By Alexander Nirenstein, Nirenstein & Garnice PLLC
When a principal in a closely held business goes through a divorce, there are serious implications for the business as well as for the individual. Here are several questions to consider.
Separate Property or Community Property?
The first consideration is whether the business interest is community or separate property. A court cannot divest a party of his or her separate property interest. The income generated from the business will generally be community property, even if the underlying business is separate property. But if the compensation received by the community is inadequate, the spouse may be able to recover on a claim for reimbursement for the increased value of the separate business to the extent generated by the principal’s time, toil and talent.
Generally, capital contributions and retained earnings of a corporation or partnership are considered property of the business, and cannot be characterized as separate or community property, while a sole proprietorship does not have an existence separate from the principal.
Who Owns the Business’s Assets?
In a sole proprietorship, the business interest will consist of all the business property, minus any liabilities for the business. In a corporation, limited liability company or partnership, the “business interest” represents the right to receive a share of the profits and surpluses. Because the business property is not owned by its shareholders, members or partners, its assets are not characterized as community property or separate property. Business goodwill is an asset that belongs to the business as well.
However, if the principal has disregarded corporate formalities and used the business assets for personal purposes, the spouse may persuade the court to treat the business as the “alter ego” of the owner/spouse, like a sole proprietorship. This often results in more expensive and hostile divorces with resources being spent to track down witnesses, compel production of relevant records, and retain experts to prepare forensic accountings.
Principals who do not want to face such daunting consequences should take care to observe the formalities of the business entity, keeping business and individual property separated and ensuring that the business and its accounts are not used for personal purposes.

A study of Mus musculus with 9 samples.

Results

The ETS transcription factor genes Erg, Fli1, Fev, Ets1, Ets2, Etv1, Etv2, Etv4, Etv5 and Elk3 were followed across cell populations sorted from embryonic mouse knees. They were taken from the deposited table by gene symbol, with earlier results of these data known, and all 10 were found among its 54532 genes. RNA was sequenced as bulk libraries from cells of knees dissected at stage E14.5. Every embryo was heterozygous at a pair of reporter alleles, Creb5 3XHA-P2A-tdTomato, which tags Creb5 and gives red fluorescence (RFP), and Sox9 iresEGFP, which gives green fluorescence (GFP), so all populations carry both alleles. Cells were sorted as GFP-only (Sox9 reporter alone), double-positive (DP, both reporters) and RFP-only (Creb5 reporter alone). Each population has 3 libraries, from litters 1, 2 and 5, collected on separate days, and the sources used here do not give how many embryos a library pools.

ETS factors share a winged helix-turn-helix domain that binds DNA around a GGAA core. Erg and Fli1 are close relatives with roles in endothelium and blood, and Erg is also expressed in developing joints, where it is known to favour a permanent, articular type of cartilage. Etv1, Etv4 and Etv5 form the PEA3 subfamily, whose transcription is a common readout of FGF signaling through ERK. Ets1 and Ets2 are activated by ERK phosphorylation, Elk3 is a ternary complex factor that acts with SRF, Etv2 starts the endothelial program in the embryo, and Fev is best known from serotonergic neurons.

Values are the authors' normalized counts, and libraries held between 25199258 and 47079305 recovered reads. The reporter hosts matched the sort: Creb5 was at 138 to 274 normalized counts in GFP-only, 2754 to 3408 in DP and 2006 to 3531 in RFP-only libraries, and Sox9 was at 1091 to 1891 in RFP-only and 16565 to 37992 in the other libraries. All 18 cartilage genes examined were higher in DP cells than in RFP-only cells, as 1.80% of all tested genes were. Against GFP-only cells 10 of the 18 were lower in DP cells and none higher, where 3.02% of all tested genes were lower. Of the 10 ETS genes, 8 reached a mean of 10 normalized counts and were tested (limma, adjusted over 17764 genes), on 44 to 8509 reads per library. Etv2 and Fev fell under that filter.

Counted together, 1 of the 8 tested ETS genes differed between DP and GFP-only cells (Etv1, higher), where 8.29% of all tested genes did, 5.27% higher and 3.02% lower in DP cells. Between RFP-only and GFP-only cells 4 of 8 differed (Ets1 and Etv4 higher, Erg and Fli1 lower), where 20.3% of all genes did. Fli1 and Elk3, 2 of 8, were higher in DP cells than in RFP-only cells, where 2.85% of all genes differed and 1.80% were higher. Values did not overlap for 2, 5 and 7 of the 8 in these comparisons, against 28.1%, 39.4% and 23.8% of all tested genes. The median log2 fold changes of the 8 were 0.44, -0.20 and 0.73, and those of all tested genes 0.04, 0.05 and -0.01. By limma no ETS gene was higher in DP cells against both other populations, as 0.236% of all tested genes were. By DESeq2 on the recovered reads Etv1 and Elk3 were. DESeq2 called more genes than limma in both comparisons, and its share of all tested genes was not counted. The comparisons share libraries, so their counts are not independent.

What Is the Value of the Business for Divorce Purposes?
Business value for divorce purposes will generally be the price at which the business would change hands between a willing buyer and a willing seller. Typically, both parties retain experts to value the business and present complex calculations to the court. The business owner must be prepared to make extensive business records available for expert inspection and know that these experts may testify in depth about the detailed bases for their opinions.
If there is a risk of proprietary or other sensitive information being disclosed, the business, as an entity, should give serious consideration to retaining its own counsel, separate from that of the owner, to minimize its exposure by insisting on written agreements to protect confidentiality and unnecessary dissemination of this information to third parties and the retention of this information by non-business personnel following the conclusion of the divorce litigation.
Are There Tax Implications?
Transfers incident to divorce may be nontaxable in most instances, but there could nonetheless be tax consequences. The principal should consult with a tax professional with questions about what may result.
So What’s the Bottom Line?
Divorce litigation is open to the public. A business principal who desires to keep business operations out of the public eye is well served by ethical counsel, discreet transparency and good faith in the discovery and negotiation process. The business principal should keep in mind that there are many more options in negotiating a division of the marital estate than are available to a court in dividing the interests of the parties in trial.
When confronting divorce, it is imperative to secure legal counsel who understands the sensitive financial, emotional and business issues involved.
Alexander Nirenstein is a partner with Nirenstein Garnice PLLC, 14850 N. Scottsdale Road. The boutique law firm was one of the first in Arizona dedicated exclusively to divorce and family law. More: 480-556-5800; www.ngslaw.com.